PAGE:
An all-party parliamentary watchdog is investigating allegations that British intelligence agents were involved in the abduction and torture of 28 Pakistani immigrants in Greece following the 7 July bombings.
One of the immigrants showed documentary makers how he was hooded by his captors
In a BBC Radio 4 documentary, 10 of the Pakistanis tell BBC correspondent Malcolm Brabant how they were threatened, just before being told they were innocent, and then dumped, hooded, back on the streets of Athens.
A careless remark during a conversation about going to the lavatory has given the strongest indication yet that British intelligence agents might have been involved in the seizure of 28 Pakistanis in Greece.
The Pakistanis have alleged that they were kidnapped and psychologically tortured in a joint Greek-British operation which took place a week after the London bombings of 7 July last year. The British Foreign Office has denied British involvement.
One of the 28, whom the BBC is calling "Mr R" after he asked to remain anonymous, told me about an encounter with an English-speaking agent on day two of his interrogation.
"All the conversations with me took place in the Greek language. One time there was one man who was passing by.
"He peeped into our room. I said to him (in Greek) ,'Can I go to the toilet?' and he replied (in English) 'I don't know Greek.'
"'His skin colour was pinkish like white people, not particularly fair skinned, but white."
Several of the 28 have described seeing a black officer present at the interrogations who also spoke English to them.
Jack Straw described the allegations as "nonsense"
"I would have to assume the black officer was either from MI6 or Scotland Yard," said Brady Kiesling, a former political officer at the American Embassy in Athens, who has now retired from the US state department after 20 years of service.
"I have never seen a black Greek police officer."
British Foreign Secretary Jack Straw declined to be interviewed for the programme "Spies and Lies: An Athenian Mystery", or to waver from his original declaration last December, that the allegations that British personnel were involved in the abduction and abuse of the Pakistanis in Greece were "complete nonsense".
Britain's all-party Intelligence and Security Committee is currently investigating the allegations and is due to report in the summer.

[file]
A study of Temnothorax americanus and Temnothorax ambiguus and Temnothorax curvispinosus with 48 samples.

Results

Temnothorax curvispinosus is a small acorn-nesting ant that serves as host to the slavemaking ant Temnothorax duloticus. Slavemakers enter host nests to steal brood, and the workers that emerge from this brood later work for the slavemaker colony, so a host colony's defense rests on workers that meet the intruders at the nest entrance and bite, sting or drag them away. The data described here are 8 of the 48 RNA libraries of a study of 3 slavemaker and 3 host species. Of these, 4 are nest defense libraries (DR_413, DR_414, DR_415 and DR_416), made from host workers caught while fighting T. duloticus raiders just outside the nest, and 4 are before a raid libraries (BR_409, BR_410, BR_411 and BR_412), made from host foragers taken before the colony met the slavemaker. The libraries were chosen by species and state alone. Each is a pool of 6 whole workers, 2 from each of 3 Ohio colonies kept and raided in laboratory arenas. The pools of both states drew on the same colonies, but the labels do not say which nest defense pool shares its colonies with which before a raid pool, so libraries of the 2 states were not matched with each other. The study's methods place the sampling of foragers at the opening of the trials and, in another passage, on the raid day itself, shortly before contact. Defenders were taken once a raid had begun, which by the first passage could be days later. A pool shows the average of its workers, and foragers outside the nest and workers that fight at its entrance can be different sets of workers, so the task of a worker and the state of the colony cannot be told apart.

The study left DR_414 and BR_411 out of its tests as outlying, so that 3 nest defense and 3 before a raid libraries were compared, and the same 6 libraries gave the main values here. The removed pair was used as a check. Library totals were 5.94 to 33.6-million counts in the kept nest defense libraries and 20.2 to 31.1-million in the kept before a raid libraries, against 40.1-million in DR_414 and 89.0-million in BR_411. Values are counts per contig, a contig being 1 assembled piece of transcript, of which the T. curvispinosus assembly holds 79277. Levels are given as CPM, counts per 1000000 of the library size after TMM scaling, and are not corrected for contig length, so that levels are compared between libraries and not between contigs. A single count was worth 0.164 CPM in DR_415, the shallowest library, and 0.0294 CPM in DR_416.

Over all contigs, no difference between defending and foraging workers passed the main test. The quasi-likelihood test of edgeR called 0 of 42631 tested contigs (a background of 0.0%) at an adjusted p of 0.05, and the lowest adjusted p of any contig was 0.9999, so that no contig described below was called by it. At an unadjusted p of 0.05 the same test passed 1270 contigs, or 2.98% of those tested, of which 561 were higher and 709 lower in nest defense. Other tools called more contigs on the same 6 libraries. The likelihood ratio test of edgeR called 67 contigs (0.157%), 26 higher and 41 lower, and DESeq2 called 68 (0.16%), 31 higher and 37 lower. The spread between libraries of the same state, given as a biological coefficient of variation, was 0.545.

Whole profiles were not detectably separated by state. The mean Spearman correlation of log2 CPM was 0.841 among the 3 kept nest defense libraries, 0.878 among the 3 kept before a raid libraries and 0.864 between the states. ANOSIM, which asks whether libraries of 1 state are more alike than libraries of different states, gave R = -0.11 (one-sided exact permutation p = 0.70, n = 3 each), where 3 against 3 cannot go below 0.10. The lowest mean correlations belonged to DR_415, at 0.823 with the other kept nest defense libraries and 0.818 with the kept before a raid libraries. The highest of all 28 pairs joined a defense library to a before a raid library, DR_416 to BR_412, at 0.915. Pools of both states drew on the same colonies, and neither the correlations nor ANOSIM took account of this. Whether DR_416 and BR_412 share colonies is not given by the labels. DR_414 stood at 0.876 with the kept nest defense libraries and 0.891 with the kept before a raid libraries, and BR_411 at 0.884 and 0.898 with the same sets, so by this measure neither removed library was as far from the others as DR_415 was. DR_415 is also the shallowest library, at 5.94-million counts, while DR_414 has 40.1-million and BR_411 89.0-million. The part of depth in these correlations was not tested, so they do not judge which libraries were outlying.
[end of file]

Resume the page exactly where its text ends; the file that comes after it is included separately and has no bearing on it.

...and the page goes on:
Its chairman, Paul Murphy MP, says he has no reason to doubt that Mr Straw is telling the truth.
Despite Mr Straw's denial, it seems clear that the questioning of the Pakistanis was specifically designed to assist the British inquiry into the London bombings.
The reason the 28 were targeted was because their phone numbers appeared in an electronic trail that British detectives were keen to pursue.
Greek Public Order Minister George Voulgarakis told MPs that after the London bombings, the British authorities asked the Greeks to investigate suspicious phone calls made by people they suspected of being al-Qaeda sympathisers.
The minister said that during the course of the next two months, the Greeks questioned 5,000 economic migrants. Mr Voulgarakis insisted that the 28 Pakistanis were not among the 5,000 rounded up.
Some of the detainees allege they were beaten. All of those interviewed by the BBC claim they were hooded, which is classified as torture by EU and UN Conventions.
But the most egregious element of their complaint is that they were held incommunicado for up to seven days, without access to a lawyer, as required by Greek law.
"It reminds people of what happened during the [military] dictatorship of 1967 to 1974," says Panos Garganas, an engineer from Athens Polytechnic, a place which came to symbolise Greek democracy after the colonels sent in tanks to crush a student uprising, killing dozens of young protestors.
"You would have friends or relatives disappear, and people would wander around in hospitals and police stations trying to find out what happened and getting no reply."
'We will slit your throats'
The case of the Pakistanis has become a cause celebre in Greece. After a public prosecutor began a formal investigation, the detainees gained confidence to reveal more details of their experiences. For months they had been too frightened to talk.
Gul Nawaz, a young man who claims to have been beaten during his spell in detention, says they were threatened just before they were told they were innocent, hooded again and dumped onto the streets of Athens.
Nawaz says they were told: "If you ever mention this thing to anyone at all, or you say where you were taken to, or you talk to television, radio or newspapers, then we will you catch you and bring you in again and trust me, we will kill you.
"We will slit your throats."
Spies and Lies: An Athenian mystery: BBC Radio 4, Monday, 6 February, 2005 at 2000 GMT.
You can also listen online for 7 days after that at Radio 4's Listen again page.